Police rape trial: women victims suffer unequal treatment, says NGO

Technical errors in extracting a signed confession from rape-perpetrator took precedence over the rights of the victim, says Men Against Violence

Women will not report rape and sexual assault because prosecutions are turning into trials of their character and acquitting their aggressors, the NGO Men Against Violence said in the wake of the acquittal of a police constable on charges of rape of a fellow female officer at the Msida police station.

“Another day and another person accused of rape walks scot-free because the victim did not fight back, did not try hard enough, did not avoid the perpetrator enough – in other words, did not live up to the expectations of how the perfect victim should act,” said James Buhagiar, spokesperson for Men Against Violence.

“It is no wonder that research shows that 85% of the Maltese population would not report if they were raped or sexually assaulted... Women know that it will only lead to a trial of their character, re-victimisation and ultimately acquittal of the aggressor.”

Men Against Violence said that in the particular case, technical errors in extracting a signed confession from the perpetrator took precedence over the rights of the victim.

Buhagiar said it was a sterile legal environment that was enabling such a defence, which he called outrageous. “To free someone accused of rape by removing the damning evidence based on a technicality, whilst demanding the perfection in behaviour and character from the victim, is not justice: it’s a travesty.”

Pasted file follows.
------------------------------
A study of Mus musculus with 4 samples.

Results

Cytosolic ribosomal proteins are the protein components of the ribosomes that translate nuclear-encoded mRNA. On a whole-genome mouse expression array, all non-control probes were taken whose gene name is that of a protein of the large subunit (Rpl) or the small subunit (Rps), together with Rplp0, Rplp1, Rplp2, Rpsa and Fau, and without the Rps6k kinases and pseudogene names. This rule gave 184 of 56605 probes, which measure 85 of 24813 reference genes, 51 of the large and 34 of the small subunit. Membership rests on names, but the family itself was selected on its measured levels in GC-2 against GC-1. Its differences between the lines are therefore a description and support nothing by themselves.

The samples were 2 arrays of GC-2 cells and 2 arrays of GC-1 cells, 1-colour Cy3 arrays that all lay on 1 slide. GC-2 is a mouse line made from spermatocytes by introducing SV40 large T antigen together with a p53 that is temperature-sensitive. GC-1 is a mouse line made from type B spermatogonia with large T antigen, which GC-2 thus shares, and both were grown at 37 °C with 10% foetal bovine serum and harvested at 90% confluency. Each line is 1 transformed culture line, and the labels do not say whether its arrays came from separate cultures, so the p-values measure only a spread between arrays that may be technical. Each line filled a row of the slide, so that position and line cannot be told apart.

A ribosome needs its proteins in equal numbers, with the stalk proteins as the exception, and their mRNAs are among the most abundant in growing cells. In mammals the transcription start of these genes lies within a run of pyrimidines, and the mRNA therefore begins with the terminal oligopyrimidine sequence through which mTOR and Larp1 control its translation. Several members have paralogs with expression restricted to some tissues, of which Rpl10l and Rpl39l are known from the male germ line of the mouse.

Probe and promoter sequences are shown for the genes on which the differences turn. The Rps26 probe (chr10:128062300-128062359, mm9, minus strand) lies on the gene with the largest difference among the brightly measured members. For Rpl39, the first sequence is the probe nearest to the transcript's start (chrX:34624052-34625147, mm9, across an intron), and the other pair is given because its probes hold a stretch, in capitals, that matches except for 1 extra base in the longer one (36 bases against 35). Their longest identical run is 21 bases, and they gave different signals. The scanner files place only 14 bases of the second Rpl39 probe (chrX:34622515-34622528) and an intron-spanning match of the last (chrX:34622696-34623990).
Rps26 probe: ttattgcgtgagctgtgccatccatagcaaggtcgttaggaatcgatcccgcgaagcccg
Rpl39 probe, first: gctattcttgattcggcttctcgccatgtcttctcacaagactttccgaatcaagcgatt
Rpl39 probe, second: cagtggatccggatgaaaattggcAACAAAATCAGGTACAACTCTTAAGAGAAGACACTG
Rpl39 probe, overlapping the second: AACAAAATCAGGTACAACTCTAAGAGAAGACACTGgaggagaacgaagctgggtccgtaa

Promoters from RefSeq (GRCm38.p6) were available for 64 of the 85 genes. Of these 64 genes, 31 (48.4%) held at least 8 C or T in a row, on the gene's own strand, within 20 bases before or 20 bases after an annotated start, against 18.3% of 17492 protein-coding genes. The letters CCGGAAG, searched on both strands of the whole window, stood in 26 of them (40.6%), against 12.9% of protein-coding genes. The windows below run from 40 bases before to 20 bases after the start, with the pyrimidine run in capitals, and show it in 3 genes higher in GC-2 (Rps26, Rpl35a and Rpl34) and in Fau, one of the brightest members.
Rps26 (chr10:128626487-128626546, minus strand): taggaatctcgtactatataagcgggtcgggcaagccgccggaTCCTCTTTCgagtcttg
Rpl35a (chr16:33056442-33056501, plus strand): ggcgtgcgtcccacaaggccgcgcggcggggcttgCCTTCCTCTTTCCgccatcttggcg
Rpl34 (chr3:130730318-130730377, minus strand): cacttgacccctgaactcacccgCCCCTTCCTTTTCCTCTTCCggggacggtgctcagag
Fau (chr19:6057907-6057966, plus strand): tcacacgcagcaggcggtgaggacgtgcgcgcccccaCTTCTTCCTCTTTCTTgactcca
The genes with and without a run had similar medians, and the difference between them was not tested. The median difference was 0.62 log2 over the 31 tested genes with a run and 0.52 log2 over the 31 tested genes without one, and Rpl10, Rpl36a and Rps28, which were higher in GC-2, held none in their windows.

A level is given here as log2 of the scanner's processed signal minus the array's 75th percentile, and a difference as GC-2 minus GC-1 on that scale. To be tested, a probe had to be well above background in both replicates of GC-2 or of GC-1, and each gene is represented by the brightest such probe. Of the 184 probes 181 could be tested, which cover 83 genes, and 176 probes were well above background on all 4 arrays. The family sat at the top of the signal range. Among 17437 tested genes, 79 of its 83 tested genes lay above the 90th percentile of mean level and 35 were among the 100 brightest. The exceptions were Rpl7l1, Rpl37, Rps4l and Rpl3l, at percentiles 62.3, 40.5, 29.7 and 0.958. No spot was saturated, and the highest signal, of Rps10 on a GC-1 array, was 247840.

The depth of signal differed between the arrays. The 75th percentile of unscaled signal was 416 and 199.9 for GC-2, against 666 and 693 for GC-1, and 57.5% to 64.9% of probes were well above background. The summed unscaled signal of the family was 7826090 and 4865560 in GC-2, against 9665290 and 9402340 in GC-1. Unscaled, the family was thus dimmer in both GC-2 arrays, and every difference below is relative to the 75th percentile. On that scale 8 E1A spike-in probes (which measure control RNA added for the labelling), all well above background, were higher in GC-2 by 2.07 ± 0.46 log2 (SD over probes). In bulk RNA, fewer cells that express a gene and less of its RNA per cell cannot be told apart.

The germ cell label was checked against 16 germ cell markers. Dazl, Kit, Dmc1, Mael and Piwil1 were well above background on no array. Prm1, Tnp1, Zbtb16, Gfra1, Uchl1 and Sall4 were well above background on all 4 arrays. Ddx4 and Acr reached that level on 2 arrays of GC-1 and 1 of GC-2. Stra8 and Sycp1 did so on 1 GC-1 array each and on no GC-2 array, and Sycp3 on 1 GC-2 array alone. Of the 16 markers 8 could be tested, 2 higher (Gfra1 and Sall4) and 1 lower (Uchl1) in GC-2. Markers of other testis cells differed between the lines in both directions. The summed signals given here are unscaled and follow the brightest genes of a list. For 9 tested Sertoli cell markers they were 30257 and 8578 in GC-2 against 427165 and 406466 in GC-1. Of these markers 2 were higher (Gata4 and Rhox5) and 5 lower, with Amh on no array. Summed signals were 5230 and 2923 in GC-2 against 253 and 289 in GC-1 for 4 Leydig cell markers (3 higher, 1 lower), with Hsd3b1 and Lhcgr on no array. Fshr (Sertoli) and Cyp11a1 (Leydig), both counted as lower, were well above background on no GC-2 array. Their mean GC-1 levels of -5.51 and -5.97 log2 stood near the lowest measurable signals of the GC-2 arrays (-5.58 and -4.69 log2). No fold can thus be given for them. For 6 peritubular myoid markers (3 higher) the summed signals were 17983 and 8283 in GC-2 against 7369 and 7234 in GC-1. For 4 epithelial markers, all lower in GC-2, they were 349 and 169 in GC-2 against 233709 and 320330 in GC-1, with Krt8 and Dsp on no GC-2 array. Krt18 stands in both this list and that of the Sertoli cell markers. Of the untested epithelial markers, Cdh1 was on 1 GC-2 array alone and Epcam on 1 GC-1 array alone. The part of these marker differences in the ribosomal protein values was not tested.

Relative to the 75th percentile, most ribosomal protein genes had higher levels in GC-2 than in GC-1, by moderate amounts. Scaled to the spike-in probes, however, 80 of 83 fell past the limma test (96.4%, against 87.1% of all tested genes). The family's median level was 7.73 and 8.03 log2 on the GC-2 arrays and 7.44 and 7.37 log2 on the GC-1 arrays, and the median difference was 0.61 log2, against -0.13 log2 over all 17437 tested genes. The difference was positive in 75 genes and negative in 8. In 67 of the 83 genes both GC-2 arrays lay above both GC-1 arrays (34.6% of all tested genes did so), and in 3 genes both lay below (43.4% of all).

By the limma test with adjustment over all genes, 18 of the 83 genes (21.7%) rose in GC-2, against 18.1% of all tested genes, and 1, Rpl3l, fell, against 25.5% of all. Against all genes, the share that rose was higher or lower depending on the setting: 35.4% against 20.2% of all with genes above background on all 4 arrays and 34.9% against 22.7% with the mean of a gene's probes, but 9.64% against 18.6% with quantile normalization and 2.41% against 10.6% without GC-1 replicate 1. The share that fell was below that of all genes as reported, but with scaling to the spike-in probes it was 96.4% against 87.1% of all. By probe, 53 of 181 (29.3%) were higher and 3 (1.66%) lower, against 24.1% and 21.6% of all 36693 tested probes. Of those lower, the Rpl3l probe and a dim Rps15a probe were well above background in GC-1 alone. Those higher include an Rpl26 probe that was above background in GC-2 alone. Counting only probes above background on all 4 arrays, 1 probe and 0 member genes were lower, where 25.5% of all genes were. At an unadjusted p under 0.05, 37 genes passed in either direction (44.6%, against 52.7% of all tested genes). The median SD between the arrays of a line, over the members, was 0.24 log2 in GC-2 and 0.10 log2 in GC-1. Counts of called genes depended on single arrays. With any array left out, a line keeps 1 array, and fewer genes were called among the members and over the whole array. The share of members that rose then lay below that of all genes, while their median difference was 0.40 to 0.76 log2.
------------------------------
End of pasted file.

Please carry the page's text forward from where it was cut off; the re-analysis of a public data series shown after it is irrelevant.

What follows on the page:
Buhagiar said the fact the accused had been set did not mean that rape did not take place. “We treat rape trials like any other criminal trial where the guilt must be proven beyond reasonable doubt, which, in most of the rape cases, is almost impossible to achieve. It’s an old adage that it is better for 100 guilty people to walk away free than have on innocent person imprisoned. This is why most of the rapists walk away without punishment, free to rape again.”

Buhagiar said the price of treating rape and sexual assault like any other crime when the rights of the accused are clearly defined whilst those of the victims are nowhere to be seen, was not paid by all equally.

“It’s paid, disproportionately, by women. People accused of a crime should have their right to a fair trial protected fully and unconditionally, but that cannot happen at the expense of the victim’s right to justice, nor indeed the right of the society to see the justice done.”

Buhagiar said Malta required standard, victim-centered policies and procedures when collecting evidence in rape and sexual assault cases in order to prevent technical mistakes. “We need to stop blaming the women for what happened to them, by judging their character, rather than judging the actions of the rapist. Last, we need those responsible for errors and mistakes held accountable for failures in the system. Then and only then the victims will see justice. Women and girls in Malta deserve nothing less than that.”